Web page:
It's been a couple of weeks now since a major winter storm was expected to sweep through the Mid-Ohio Valley and then barrel up the eastern seaboard.
The winter storm, tracked by the national weather service and others, was expected to ride the jet stream down through the mid-west and then turn and run up the seaboard into New England.
Initial model estimates were anywhere from 12 inches of snow to 1 inch or less, depending on which of several dozen scenarios were going to play out. And of course, the closer we got to the event, the more these options dropped along the wayside and the snow totals were reduced...and lowered...shrunk...and revised.
But that didn't stop some people from getting on their social media and republishing outdated projections. I know of one lady in particular that reprinted an ABC News projection for two scenarios, suggesting 12-to-18 inches of snowfall in our region. The problem was once this was posted to her web-page, that forecast was then locked in stone, and not able to be updated.
I had people telling me to go look at that person's web-page (FACEBOOK ACCOUNT) to see what SHE was forecasting for the area. I did, and saw the color graphic boldly posted with NO TIME STAMP, no indication of when it was posted nor when it was to be valid or expired. Because this person was prominent in our community, people were linking to her account and in turn, promoting the out-dated information on THEIR pages...and it just kept rolling along.
That evening before the snowfall was to begin, I chanced to go to a local grocery store and pick up a few items. Bread, milk, TV dinner, paper towels...nothing remarkable. Yet, every person in the store turned and noticed me, and just short of following me around the store, they started noticing what I was buying...telling their friends that I was stocking up for a blizzard. REALLY?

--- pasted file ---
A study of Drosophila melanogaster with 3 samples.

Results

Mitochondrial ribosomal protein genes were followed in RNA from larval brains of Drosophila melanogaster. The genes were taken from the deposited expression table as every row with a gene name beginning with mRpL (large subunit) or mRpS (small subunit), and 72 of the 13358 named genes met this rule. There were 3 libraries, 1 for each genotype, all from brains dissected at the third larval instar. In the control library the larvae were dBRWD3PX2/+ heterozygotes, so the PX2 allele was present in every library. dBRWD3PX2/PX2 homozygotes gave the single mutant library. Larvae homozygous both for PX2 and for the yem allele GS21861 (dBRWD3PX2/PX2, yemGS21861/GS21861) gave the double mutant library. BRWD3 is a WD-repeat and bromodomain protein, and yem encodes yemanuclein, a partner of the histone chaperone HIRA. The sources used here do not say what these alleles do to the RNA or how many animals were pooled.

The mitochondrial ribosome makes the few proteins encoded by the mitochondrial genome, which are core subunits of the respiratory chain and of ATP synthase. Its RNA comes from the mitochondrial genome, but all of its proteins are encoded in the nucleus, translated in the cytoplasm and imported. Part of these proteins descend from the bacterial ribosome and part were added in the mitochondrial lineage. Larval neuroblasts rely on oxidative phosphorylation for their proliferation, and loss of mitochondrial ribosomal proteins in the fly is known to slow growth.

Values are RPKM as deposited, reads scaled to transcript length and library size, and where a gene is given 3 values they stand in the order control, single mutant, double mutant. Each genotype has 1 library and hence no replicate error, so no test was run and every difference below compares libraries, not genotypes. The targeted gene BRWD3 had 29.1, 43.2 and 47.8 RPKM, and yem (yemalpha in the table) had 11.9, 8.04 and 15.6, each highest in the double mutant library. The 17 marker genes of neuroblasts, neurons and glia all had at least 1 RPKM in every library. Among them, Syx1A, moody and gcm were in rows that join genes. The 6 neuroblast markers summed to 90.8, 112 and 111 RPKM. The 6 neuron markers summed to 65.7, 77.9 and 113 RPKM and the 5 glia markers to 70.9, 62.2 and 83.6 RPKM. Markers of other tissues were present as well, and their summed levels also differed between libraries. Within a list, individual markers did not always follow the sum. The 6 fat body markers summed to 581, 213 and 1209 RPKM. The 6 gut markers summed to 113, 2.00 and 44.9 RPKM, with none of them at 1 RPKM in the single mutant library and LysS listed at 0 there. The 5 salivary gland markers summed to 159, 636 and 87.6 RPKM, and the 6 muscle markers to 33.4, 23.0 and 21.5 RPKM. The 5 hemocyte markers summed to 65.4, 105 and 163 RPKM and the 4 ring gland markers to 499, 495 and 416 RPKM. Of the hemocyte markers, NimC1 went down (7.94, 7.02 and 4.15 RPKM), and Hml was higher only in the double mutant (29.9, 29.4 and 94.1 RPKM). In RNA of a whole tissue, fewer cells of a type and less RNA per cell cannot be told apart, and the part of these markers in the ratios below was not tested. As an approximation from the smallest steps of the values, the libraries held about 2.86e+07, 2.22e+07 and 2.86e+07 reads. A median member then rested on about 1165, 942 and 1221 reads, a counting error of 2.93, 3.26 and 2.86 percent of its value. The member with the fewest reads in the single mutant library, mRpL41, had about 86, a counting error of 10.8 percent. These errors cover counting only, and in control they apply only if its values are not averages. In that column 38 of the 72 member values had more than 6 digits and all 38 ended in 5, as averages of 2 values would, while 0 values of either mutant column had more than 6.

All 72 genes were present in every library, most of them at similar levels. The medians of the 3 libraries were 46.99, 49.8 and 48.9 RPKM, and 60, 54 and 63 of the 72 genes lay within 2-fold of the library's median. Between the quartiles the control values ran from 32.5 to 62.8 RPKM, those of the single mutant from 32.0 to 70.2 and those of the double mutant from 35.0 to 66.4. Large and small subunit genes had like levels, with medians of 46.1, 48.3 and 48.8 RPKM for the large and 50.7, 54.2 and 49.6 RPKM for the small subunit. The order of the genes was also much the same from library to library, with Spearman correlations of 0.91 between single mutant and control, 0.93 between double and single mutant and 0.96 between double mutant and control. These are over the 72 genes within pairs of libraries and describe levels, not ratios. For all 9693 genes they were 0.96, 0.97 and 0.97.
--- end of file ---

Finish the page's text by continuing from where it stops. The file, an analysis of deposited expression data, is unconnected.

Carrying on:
Does a TV dinner, a gallon of milk and a loaf of bread constitute a blizzard? You would think so, because quite literally, every aisle that I turned to walk down with my small cart...all the people in that row stopped to talk with me. EVERYONE!
Now, what should of been only a five minute run to the store had turned into a half an hour of questions and explanations. Every person wanted to know if it was going to be as bad as they had heard...how much snow...would there be school...should they stay home...buy more salt...stock up... the questions went on and on.
One thing was obvious...the people who were stopping me had not been watching the news or weather that evening. ...but they had "heard something" either earlier in the week, gotten a text message asking them to stop and shop, OR had someone else mis-inform them on what was coming.
One look at the store shelves told the story...there was some panic buying going on as well. I had been told in the past that whenever I mentioned the S-word on air, that the shelves would be swept clean by people rushing out before the alleged storm to stock up. One wonders what their home larder looks like prior to their rushing out and buying frenzy. I hope that they used up their supplies that they laid in, and nothing went to waste.
But I'm sure that the store manager appreciate the extra business as well. At least, they told me so, cause they stopped me in the store to ask the same questions as their customers were. I began to think that I should set up a little booth like Lucy Van Pelt in Peanuts and charge for "weather advice". I could make a fortune!